We haven’t been reporting all the Charlie Morton news that’s fit to print. Our last update on “mini Roy Halladay” came in mid-June and was for a Deep League Waiver Wire piece. He’s advanced a little in our estimation since. Is it time to pick up Charlie Morton in all leagues?
We’ve been fooled before. In 2011, in the first half, he had a 3.51 FIP and a 61% ground-ball rate. He’d lowered his arm slot into a Roy Halladay zone and was getting great results on his sinker. And despite some concerns about his batting average on balls in play, he had a .318 BABIP during that first half. With usable fantasy numbers in most leagues: 3.86 ERA, 1.49 WHIP, 13.3% strikeouts. Even after his season tanked, he had a 3.71 ERA and 1.31 WHIP at home in pitcher-friendly Pittsburgh, too.
Of course, the second half of 2011 happened. Take a look at his velocity chart:
Morton was 92+ with the sinker and four-seam early in 2011. His sinker dropped to 91 over he rest of the season. It averaged 90 mph last season. Then he had Tommy John surgery.
Now he’s back, and his sinker is averaging a career-high 93.4 mph.
The added velocity has meant more than just an effective sinker and the highest ground-ball rate of his career so far. It’s meant that Morton has been able to effectively use his four-seamer more often, too. Since it’s averaging over 94 mph, the pitch doesn’t lead to homers as often, and he’s throwing it 15% of the time now. His primary secondary pitch, the curveball, is now (at 79 mph) almost 15 mph slower than his fastballs. In related news, he’s now getting above-average swing-and-miss numbers on the curveball, when it used to register below the league average in that category. Even his hard changeup (86 mph) is now getting grounders at a career-high rate (69%) and so he’s using it a little more.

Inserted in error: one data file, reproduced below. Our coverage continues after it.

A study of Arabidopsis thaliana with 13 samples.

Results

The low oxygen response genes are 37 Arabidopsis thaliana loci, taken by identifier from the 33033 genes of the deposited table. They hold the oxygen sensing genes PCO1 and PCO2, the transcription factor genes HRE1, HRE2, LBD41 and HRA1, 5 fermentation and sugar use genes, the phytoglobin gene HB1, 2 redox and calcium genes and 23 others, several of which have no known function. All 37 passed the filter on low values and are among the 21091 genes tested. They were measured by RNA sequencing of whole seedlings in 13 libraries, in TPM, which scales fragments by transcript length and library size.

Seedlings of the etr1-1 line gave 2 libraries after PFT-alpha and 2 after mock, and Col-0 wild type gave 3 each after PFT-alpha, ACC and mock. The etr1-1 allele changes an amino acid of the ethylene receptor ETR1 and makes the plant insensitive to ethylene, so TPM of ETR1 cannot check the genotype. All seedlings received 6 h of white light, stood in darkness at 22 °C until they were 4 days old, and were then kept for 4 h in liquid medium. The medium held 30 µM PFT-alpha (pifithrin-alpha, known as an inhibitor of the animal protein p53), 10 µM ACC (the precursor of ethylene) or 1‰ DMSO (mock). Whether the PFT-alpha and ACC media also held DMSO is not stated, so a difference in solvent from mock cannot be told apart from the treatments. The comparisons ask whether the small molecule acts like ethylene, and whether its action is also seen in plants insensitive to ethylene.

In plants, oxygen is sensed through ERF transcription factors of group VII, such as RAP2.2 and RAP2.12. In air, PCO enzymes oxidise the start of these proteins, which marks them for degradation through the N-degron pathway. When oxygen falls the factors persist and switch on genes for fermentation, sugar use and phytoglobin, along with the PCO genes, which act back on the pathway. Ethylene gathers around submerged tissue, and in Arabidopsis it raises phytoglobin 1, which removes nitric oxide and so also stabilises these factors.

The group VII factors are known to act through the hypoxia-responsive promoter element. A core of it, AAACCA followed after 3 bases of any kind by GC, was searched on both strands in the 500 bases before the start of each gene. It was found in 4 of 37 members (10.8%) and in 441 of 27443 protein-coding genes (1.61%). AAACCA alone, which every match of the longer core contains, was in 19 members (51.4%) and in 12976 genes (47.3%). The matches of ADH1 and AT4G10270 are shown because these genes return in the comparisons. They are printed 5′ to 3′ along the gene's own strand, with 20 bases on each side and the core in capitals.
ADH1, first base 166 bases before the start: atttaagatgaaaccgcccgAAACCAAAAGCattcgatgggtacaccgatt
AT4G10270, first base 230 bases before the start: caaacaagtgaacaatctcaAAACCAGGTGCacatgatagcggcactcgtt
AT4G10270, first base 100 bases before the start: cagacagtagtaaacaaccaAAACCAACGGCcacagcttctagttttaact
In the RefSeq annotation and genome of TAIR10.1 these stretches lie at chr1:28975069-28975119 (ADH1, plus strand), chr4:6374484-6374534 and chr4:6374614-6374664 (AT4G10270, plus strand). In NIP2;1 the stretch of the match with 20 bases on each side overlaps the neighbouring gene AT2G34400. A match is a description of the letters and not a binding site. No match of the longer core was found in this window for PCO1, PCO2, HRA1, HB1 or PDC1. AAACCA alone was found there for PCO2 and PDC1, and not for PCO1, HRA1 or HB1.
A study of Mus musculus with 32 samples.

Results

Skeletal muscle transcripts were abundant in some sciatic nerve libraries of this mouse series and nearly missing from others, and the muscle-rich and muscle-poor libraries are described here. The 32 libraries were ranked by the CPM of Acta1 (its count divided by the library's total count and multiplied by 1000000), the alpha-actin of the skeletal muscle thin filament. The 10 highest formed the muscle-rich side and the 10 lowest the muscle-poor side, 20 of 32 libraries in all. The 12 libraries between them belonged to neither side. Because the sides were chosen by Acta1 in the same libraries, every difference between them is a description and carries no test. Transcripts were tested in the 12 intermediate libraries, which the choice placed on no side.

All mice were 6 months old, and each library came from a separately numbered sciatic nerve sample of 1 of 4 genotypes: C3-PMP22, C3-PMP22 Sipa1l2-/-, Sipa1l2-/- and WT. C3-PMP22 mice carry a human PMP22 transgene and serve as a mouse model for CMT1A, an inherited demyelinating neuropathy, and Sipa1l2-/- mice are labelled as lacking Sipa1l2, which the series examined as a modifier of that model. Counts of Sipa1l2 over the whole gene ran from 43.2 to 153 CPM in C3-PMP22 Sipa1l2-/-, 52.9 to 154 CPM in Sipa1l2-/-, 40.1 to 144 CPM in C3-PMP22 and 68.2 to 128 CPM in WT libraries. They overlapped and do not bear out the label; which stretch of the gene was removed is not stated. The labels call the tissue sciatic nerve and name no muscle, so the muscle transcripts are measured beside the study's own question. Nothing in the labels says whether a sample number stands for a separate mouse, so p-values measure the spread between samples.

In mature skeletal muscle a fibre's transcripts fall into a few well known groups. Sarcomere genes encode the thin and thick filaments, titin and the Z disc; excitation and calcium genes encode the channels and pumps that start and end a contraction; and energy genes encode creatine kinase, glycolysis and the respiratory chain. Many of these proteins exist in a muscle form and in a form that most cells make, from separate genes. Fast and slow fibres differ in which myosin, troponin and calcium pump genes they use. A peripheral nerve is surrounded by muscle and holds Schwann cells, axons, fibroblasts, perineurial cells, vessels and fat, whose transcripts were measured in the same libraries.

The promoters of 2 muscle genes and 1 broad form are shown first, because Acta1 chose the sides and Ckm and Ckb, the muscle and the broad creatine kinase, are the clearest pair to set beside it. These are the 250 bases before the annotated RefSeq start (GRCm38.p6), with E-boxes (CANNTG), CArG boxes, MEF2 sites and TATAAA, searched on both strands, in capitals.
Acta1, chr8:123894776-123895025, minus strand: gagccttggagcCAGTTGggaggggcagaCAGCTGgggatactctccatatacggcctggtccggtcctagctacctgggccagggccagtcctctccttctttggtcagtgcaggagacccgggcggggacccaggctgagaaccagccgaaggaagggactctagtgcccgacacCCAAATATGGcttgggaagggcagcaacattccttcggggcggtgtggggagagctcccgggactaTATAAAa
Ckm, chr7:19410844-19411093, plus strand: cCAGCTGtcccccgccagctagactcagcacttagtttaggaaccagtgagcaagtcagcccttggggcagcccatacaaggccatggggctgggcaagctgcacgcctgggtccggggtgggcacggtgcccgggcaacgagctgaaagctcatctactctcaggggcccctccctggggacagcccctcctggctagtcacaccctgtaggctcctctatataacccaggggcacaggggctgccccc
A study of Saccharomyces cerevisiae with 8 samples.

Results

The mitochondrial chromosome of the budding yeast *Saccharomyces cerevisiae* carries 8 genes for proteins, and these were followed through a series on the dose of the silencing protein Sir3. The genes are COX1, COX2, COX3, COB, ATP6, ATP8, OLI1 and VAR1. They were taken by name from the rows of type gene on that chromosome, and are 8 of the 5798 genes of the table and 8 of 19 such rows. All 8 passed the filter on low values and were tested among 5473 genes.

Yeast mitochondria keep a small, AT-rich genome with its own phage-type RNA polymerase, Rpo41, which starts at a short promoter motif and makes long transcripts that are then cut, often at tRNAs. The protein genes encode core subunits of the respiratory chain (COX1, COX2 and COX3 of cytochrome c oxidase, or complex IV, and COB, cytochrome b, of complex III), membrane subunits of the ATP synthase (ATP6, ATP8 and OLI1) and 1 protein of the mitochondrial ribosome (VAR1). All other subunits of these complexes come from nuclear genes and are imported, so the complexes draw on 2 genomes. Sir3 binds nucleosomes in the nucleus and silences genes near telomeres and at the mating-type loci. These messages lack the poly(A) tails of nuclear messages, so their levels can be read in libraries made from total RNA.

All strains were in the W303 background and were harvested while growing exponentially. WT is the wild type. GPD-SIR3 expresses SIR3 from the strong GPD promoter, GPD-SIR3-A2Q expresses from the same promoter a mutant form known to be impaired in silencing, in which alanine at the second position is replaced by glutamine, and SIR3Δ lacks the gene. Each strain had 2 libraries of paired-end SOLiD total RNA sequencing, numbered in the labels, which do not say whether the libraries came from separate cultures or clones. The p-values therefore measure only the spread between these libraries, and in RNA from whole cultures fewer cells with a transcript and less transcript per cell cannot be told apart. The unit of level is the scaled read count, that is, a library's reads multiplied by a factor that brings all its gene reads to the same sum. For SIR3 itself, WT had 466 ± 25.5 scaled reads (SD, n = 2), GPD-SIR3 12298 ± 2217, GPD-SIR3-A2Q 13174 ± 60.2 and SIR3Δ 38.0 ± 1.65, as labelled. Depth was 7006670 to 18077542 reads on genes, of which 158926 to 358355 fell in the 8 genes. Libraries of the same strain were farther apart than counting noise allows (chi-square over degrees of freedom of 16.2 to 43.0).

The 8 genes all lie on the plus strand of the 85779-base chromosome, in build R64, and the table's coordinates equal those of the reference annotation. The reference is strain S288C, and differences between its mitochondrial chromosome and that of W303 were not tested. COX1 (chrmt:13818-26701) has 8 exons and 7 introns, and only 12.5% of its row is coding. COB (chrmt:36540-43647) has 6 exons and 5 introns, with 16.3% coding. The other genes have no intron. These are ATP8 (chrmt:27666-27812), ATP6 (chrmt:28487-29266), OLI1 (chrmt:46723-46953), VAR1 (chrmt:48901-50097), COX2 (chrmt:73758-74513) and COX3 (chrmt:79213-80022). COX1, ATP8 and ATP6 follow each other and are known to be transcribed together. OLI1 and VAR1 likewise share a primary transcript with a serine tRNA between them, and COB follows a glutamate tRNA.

Of course there are flaws. Morton doesn’t get strike one at a league-average rate, and so maybe his pristine walk rate won’t survive. On the other hand, he’s way above league average in zone rate, so maybe he just hangs around the zone and avoids walks that way.
Since his changeup use is only up to five or six percent, it’s fair to bring up his platoon splits. His curveball has a sweeping horizontal break to it, and that makes it more effective against same-handed hitters. Against lefties, even now, even as he’s succeeding, his walk rate is almost four times higher than against righties. And the sinker is the most platooniest pitch in baseball. So lineups with good lefty hitters present a bit of a challenge to him.
But a good changeup doesn’t need to get whiffs. The fact that the ground-ball rate is so high on the changeup is a great sign for Morton. With velocity in the mid-nineties and ground-ball rates in the sixties, Morton could focus on keeping the ball in the zone and on the ground against lefties and be useful in all leagues without much faithcasting on our behalf. Even better, his schedule (@STL, vCHN, vSD, vCIN, @CIN) gives you three or four good starts before the season is over.
Charlie Morton: pick him up in all leagues based on his increased velocity and changeup effectiveness and good upcoming matchups. Even if he has some flaws.